How to Get a Credit Card Limit Increase

A woman holds a credit card while talking on the phone

A bigger credit limit increases your purchasing power, but that’s not the only advantage about a higher credit limit. A higher credit limit can mean good things for your credit score—as long as you don’t go on a shopping spree and use up your newly available credit. It's important to know that thirty percent of your credit score is based on your level of debt. A major part of that is your credit utilization or the amount of available credit you’re using. A credit limit increase will lower your credit utilization—assuming you keep the same balance or pay it down.

This translates to a higher credit score.

Here's how to go about getting a credit limit increase, and raising your credit score.

Automatic Credit Limit Increase

Some credit card issuers will increase your credit limit automatically as you demonstrate you can handle credit responsibly. That means charging only a percentage of your total credit limit and making your payments on time each month. Many credit card issuers review accounts periodically and automatically raise the credit limit for cardholders who meet their criteria.

Requesting an Increase From Your Card Issuer

While some credit card issuers automatically increase your credit limit, others only do so upon request of the credit card holder. For starters, call the toll-free number (either posted on the back of your card or on your monthly bill) and listen to the prompts—there may be a prompt for requesting a credit limit increase. If not, choose the option to speak to a customer service representative and ask for an increased credit limit. You may also be able to request a credit limit increase online.

When you request a credit limit increase, the card issuer will likely ask for some information to process your request. For example, they may ask for your monthly income, how much you would like to have your limit increased to, and the reason for the increase.

The Soft and Hard Pull

To process your request, the credit card issuer may access your credit report via a hard or soft pull depending on the credit card issuer. A soft pull or inquiry won’t affect your credit score; these are the types of inquiries that appear only on your version of your credit report. However, a hard pull can affect your credit score depending on the other information contained in your credit report. The hard inquiry will appear on all versions of your credit report for up to two years. If you have built up a lot of debt in other places (such as student loans or home mortages) you may want to wait to request a credit line increase until some debt is paid off.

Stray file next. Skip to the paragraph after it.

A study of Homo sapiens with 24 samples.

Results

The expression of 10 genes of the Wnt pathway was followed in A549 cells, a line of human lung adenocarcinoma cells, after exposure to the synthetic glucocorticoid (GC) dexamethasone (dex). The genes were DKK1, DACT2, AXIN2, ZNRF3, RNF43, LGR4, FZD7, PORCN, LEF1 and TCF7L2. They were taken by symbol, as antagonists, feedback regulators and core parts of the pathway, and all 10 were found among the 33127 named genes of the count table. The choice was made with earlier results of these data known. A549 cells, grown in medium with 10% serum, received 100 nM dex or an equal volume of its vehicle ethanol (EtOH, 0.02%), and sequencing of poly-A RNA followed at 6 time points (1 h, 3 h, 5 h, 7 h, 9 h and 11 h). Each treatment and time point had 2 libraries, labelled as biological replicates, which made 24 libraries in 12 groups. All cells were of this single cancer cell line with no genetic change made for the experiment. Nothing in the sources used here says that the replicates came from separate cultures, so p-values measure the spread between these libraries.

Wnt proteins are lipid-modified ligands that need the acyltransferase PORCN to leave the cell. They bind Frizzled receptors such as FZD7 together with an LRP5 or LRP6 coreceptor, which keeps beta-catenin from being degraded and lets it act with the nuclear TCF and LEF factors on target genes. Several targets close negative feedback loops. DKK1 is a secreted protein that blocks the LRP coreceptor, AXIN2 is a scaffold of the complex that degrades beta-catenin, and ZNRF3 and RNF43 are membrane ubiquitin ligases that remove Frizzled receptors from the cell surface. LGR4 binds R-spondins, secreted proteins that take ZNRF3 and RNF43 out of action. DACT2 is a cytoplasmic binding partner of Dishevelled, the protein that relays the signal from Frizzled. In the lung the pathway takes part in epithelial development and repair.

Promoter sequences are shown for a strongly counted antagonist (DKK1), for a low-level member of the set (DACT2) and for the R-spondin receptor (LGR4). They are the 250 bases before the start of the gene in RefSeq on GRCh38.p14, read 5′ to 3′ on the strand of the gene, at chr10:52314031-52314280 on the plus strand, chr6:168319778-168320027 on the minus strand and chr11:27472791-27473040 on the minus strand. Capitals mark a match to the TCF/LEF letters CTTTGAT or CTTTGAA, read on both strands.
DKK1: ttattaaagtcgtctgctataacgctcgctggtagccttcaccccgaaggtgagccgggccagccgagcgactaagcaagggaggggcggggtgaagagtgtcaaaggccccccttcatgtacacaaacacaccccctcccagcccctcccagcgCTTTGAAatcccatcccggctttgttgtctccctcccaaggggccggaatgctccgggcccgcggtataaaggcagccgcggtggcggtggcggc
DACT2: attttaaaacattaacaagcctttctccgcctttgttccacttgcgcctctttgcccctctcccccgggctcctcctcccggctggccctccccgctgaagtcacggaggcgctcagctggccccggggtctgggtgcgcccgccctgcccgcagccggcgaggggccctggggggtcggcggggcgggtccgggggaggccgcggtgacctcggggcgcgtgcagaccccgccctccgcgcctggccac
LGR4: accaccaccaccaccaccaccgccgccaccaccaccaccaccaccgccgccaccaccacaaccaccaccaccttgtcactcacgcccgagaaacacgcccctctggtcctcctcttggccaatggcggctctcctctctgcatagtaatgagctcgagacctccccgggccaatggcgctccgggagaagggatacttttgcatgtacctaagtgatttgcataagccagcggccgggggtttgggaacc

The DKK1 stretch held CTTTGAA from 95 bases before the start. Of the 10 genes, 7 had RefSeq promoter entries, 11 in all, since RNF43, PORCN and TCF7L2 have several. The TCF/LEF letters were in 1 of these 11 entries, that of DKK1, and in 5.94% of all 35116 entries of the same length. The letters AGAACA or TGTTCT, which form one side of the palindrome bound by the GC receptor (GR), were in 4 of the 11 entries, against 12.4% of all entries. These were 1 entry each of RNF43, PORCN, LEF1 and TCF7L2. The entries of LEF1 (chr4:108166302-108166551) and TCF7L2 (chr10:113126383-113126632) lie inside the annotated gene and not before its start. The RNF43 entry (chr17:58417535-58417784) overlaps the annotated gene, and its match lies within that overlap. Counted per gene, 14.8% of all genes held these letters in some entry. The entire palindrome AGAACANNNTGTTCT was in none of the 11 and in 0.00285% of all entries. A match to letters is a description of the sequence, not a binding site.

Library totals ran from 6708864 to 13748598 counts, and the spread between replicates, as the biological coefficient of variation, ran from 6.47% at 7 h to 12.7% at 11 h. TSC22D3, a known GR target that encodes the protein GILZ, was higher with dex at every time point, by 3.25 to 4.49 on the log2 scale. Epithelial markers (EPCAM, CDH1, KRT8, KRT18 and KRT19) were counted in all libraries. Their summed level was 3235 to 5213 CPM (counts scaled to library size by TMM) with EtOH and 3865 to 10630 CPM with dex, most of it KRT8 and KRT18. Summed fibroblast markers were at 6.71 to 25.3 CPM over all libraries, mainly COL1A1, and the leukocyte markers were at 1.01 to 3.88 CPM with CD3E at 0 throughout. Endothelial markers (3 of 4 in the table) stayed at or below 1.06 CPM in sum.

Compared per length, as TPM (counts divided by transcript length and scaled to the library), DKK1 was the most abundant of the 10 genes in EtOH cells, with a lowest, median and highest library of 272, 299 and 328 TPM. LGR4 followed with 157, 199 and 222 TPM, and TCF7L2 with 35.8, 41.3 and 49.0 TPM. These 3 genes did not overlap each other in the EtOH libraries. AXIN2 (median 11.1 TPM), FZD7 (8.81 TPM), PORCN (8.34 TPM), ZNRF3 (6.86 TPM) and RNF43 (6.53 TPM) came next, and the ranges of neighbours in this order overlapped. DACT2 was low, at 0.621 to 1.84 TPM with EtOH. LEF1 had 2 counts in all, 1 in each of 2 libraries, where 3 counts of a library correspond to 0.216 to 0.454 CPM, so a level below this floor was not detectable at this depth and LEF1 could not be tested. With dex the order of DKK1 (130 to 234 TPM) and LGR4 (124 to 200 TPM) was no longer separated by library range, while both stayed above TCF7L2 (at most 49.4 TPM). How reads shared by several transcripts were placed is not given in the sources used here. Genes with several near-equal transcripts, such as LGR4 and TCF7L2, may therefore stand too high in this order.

However, if your credit standing is good, with enough income to support a credit line increase, you may find out immediately if your request has been approved. If not, the card issuer will notify you a few days later, usually via mail.

Increase Your Security Deposit

If you have a secured credit limit, you can typically raise your credit limit by paying more towards your security deposit. The best option for accomplishing this is to call the card's customer service number to find out exactly what steps to take—each insurer is different.

Credit Limit Increase Denied

Your credit limit increase may be denied for a few different reasons. Your account may be too new, it may be too soon since the last change in your credit limit, your income may be too low to qualify you for an increase, or you may have an account that doesn't receive credit limit increases, such as a secured credit card account.

Also, negative information in your credit history can lead to your credit limit increase request being denied. In that case, you’ll receive an adverse action letter explaining the factors, which could include recent delinquencies or high credit card balances. You’ll also get a free credit score disclosure if your credit score was used in the decision to decline your request.

If your request isn’t approved this time, take note of the reason(s) listed in the adverse action letter. Improve your credit in those areas, wait a few months, and then try again.

Beware of Credit Limit Increase Fees

Be aware that some credit cards charge a fee to increase your credit limit. The Credit One Bank Visa Platinum credit card, for example, charges up to $49 when you request a credit limit increase. And, the First Premier Bankcard charges 25 percent of the increase each time you’re approved for a credit limit increase. It's worth noting that both of these cards cater to people with bad credit. If you have one of these cards (or a similar card), forego requesting a credit limit increase and, instead, move to a better credit card as soon as you qualify.